BACK TO HAITI — Pushing back AIDS in the midst of an emergency

As the second anniversary of Haiti's massive earthquake approaches (Jan. 12), we're taking a look at the work God accomplished through Food for the Hungry in the past year.


Since then, FH has made some big strides in caring for AIDS victims and helping uninfected people protect themselves. One strategy is to partner with local hospitals; hospitals refer HIV-positive patients to FH for follow-up care and counseling.

These statistics are from October 2010 to September 2011.

46,085 people were informed about how to protect themselves and others from HIV.

733 people living with HIV/AIDS were enrolled in FH's program and served by FH staff. *Read about how FH compassionately cares for AIDS victims in Haiti*

Mickelle Luxmae, an FH staff member, visits this couple living with HIV/AIDS weekly to bring emotional support and other needed items, like vitamins, to support their immune systems. 

287 people were tested for HIV and received their results and follow-up counseling in partnership with 3 health facilities run by local hospitals.

100 children with HIV-positive parents had their schooling paid for by FH.

16 HIV-positive people supported by FH graduated from cosmetology school, empowering them to support themselves through this work. *Read Michelle's story*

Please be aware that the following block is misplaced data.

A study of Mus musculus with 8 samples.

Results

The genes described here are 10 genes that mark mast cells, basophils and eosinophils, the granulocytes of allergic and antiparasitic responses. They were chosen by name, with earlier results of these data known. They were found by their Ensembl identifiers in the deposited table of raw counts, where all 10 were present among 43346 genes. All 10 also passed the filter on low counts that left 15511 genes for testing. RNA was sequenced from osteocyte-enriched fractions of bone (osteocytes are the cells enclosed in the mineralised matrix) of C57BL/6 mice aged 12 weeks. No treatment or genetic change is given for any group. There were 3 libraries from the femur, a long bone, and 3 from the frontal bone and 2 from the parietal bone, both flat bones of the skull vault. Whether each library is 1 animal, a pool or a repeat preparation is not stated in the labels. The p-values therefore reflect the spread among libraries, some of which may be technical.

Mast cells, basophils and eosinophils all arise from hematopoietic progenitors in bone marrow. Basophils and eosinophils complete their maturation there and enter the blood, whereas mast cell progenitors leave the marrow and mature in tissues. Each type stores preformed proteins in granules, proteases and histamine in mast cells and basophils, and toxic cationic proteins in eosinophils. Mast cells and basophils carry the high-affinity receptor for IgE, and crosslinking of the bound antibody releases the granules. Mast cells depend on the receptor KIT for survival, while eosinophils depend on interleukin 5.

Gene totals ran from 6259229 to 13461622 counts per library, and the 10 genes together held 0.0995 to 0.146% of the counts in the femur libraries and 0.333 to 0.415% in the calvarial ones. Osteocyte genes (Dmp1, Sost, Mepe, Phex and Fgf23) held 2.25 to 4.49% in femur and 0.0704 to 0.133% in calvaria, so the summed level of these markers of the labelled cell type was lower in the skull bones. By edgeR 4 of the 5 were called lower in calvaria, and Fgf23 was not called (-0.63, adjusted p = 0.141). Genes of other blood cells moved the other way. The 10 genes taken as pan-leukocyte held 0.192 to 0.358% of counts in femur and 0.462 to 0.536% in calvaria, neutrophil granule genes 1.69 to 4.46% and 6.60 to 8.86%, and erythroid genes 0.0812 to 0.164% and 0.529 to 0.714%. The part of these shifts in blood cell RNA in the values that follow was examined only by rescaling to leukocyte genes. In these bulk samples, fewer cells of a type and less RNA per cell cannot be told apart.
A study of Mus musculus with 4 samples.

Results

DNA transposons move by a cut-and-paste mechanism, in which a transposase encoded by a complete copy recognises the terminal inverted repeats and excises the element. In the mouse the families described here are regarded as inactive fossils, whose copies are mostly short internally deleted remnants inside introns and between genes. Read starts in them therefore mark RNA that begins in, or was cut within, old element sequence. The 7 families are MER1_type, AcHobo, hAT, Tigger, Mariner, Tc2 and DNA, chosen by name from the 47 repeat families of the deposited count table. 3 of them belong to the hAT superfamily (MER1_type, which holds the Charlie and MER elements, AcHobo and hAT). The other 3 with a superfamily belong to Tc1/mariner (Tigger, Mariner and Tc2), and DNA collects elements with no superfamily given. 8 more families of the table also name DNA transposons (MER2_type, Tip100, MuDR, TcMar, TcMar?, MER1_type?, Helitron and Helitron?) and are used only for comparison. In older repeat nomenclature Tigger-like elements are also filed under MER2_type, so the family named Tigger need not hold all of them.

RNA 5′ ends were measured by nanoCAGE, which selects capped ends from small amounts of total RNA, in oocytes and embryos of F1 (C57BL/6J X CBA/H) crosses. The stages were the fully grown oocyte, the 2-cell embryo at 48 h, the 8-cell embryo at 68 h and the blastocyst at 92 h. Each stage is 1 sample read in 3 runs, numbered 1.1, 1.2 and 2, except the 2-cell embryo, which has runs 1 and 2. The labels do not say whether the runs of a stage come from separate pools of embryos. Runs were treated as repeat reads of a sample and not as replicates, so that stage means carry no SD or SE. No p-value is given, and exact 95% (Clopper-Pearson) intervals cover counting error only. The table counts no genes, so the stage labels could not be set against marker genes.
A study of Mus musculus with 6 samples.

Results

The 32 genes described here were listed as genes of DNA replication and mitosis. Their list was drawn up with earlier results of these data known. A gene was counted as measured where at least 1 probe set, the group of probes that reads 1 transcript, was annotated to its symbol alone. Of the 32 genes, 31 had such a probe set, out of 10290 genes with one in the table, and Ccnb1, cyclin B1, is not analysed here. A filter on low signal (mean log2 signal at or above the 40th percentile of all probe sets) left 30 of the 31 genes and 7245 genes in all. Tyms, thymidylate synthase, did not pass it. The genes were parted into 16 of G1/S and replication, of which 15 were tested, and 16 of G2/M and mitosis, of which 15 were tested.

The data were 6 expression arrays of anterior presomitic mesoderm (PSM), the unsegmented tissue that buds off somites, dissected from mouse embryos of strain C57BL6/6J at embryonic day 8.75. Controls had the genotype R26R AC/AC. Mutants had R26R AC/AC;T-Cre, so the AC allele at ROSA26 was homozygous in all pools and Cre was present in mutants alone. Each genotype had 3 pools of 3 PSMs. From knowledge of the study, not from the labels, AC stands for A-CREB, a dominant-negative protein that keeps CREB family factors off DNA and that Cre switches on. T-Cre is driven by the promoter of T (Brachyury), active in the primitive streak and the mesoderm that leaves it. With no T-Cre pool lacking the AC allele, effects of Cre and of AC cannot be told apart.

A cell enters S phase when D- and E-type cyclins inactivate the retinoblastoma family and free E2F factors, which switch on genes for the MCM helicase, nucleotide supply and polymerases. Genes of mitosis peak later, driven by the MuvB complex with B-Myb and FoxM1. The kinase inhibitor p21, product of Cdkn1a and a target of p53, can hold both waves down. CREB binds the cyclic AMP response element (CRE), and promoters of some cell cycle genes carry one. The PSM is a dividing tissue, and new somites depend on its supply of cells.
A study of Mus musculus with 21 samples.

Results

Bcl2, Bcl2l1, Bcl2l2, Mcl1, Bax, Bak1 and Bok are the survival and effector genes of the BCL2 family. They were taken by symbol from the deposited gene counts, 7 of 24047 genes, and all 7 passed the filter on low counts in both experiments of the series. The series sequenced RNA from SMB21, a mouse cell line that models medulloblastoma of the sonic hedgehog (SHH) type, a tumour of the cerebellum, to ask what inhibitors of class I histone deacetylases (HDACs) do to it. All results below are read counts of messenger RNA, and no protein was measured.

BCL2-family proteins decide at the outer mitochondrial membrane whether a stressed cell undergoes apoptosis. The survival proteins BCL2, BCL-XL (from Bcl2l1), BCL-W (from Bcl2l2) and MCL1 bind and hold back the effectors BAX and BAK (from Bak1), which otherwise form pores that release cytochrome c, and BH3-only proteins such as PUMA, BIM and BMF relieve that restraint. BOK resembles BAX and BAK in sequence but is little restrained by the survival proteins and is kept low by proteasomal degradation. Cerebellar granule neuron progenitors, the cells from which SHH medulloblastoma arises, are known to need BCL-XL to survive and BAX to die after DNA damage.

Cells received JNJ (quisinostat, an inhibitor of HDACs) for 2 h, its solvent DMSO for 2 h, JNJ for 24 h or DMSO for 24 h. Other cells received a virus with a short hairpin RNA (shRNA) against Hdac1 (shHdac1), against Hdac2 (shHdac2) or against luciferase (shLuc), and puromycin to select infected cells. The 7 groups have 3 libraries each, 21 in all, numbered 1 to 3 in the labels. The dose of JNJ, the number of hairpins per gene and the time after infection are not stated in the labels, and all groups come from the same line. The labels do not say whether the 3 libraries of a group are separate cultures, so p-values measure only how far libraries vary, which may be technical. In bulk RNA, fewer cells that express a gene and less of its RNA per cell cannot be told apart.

HIV-positive people learned to read and write through FH-supported literacy classes.

1,274 orphans and vulnerable children were enrolled in FH's program and served by FH staff. *Read about how FH cared for a double orphan in Kenya*

5,523 parents and 3,166 community and church leaders were educated on the vulnerability of sexually active youth to contract HIV.

20 HIV-positive, expectant mothers were enrolled in FH’s programs to prevent mother-to-child transmission. An additional 10 pregnant (but uninfected) mothers were equipped to spread messages to other women about such prevention methods.*Read about how this is done*

With a spirit of staunch resilience and in collaboration with FH, Haitians have made many great strides in the past year, but there is much yet to be done. To join the reconstruction and help strengthen Haitian families and children, please consider joining Poverty 180.


  1. Karate teacher strikes back against HIV/AIDS
  2. In Haiti, what does the earthquake have to do with HIV/AIDS?
  3. BACK TO HAITI — How to protect vulnerable girls from slavery
  4. BACK TO HAITI — Victories in clean water, health and hygiene
  5. BACK TO HAITI — What if your child's education cost 20-70% of your annual income? Would you still send him to school — could you?